05 August 2021 | News
xPore, a software that extracts RNA modifications (an additional layer of the information above the genetic molecule RNA) from genomics data
"RNAs have chemical molecules that may change the function of the same RNA. These RNA modifications are widespread, but because they do not change the letters of the RNA. They are very difficult to identify," said Dr Jonathan Göke, Group Leader of Laboratory of Computational Transcriptomics at GIS.
More than 100 RNA modifications are known to play different roles in cells. Some of these RNA modifications are associated with disease risk, while others are used in mRNA vaccines. In the past, identifying RNA modifications required labour- and time-intensive bench-experiment assays that only very few laboratories can perform.
To overcome these limitations, the team utilised Nanopore direct RNA-sequencing, a new transcriptomic technology that sequences native RNA molecule with its modifications retained. To extract the hidden layer of RNA modifications, they developed xPore, a machine learning-based method that re-purposes tools from AI research to precisely detect differences in RNA modifications. A property employed in the method is the consistent data of the unmodified sites, and the existence of modifications disrupts this consistency.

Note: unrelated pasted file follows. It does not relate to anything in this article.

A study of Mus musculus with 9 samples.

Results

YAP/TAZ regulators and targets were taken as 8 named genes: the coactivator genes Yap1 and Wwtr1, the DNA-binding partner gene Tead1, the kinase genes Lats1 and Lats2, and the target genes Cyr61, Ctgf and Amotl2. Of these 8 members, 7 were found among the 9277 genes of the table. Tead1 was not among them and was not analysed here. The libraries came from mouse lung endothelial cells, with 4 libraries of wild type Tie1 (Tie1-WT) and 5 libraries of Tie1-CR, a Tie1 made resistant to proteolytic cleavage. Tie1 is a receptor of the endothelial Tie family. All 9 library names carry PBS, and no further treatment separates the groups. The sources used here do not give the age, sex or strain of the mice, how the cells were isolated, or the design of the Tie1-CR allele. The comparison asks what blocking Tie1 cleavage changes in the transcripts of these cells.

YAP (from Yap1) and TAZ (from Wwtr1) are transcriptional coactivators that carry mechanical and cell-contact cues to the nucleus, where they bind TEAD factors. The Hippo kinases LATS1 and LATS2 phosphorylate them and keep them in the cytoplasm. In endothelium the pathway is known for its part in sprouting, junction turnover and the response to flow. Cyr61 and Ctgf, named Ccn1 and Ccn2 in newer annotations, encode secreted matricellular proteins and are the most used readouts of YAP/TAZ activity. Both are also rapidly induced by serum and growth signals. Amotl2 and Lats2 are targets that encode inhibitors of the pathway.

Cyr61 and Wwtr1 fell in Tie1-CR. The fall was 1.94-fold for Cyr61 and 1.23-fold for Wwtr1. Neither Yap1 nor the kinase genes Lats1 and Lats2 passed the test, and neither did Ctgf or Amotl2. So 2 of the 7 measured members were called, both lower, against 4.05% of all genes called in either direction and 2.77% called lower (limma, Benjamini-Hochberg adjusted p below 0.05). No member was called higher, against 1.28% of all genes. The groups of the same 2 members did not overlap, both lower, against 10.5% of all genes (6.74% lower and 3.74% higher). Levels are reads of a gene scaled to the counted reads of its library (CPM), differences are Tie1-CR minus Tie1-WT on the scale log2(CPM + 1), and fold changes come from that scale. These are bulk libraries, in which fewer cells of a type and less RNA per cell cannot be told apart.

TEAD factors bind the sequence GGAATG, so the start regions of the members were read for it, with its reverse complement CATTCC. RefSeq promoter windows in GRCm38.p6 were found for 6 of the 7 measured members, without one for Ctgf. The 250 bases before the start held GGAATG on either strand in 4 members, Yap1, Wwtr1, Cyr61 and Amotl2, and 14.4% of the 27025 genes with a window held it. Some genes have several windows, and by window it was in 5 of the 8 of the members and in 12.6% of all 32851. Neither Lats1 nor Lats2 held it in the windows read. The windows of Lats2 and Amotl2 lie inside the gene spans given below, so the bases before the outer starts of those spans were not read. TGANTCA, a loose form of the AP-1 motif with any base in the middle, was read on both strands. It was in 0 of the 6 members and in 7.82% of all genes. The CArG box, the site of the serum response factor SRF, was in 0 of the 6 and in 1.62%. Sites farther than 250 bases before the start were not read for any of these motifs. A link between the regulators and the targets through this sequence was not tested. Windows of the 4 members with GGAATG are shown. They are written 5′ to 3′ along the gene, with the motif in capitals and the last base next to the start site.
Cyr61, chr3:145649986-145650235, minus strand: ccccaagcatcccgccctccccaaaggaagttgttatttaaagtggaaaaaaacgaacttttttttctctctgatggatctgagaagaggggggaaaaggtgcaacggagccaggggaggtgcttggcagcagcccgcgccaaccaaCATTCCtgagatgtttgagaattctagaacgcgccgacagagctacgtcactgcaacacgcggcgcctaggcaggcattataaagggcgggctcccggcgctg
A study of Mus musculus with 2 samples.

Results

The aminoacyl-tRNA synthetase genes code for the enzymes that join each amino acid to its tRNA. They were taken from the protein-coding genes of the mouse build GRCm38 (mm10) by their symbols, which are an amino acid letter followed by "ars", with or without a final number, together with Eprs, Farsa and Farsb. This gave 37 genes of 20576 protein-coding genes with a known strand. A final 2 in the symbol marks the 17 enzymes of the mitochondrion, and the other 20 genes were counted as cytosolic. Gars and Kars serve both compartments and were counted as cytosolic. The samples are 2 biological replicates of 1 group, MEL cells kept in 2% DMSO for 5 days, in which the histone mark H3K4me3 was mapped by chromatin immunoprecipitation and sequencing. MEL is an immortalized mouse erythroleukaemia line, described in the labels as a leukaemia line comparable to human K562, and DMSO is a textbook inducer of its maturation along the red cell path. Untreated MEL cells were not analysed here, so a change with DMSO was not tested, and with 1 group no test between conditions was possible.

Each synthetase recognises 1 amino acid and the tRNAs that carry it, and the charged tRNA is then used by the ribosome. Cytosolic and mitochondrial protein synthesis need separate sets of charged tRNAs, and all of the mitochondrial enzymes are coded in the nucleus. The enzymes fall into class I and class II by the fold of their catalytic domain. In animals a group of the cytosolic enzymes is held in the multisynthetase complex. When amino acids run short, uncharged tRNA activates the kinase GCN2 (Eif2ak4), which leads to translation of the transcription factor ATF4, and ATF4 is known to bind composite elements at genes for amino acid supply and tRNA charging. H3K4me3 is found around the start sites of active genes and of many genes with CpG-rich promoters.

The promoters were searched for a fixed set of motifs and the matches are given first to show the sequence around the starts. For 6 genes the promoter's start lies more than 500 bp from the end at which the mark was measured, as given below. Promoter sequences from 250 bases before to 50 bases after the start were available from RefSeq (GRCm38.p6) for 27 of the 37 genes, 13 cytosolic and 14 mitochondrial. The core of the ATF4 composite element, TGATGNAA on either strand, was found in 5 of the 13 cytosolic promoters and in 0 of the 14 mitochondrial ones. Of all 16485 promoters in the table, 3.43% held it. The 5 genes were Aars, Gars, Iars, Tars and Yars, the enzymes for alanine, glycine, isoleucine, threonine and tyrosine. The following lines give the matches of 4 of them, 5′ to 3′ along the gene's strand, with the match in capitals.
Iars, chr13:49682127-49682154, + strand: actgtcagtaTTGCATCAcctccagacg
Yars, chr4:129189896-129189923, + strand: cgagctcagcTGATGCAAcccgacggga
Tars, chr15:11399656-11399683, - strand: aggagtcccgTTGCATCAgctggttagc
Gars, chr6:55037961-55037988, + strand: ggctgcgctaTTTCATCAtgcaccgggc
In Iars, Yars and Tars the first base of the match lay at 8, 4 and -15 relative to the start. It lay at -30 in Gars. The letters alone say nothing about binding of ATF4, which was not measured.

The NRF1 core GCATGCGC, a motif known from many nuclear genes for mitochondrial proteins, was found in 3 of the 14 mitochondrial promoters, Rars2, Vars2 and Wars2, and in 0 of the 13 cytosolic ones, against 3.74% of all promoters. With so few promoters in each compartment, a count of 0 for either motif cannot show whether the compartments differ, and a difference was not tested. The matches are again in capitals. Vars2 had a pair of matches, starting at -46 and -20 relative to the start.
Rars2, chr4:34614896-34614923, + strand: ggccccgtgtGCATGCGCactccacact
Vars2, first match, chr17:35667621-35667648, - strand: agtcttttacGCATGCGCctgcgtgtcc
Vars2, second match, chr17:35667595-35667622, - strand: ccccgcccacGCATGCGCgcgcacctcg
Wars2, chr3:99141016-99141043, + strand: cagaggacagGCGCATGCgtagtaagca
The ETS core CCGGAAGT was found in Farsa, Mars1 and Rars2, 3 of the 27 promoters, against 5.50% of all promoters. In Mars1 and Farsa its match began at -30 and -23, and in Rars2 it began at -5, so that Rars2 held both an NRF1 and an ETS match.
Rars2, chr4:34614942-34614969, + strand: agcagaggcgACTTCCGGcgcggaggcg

Dr Sho Goh, Assistant Prof from Shenzhen Bay Laboratory who co-led the study, said, “The ability to map new RNA modifications is vital for determining their functions. Since xPore does not require specific reagents that specialise in identifying only a single RNA modification type, it can potentially detect many RNA modifications. Therefore, xPore’s flexibility can expedite our efforts to discover novel RNA modification functions.”
Prof Patrick Tan, Executive Director of GIS, said, “This study introduces a computational method that enables the profiling of differential RNA modifications transcriptome wide, and provides a systematic resource of direct RNA-Seq data. It will be valuable as a benchmark data set for modification detection, with the potential to lead to better patient outcomes.”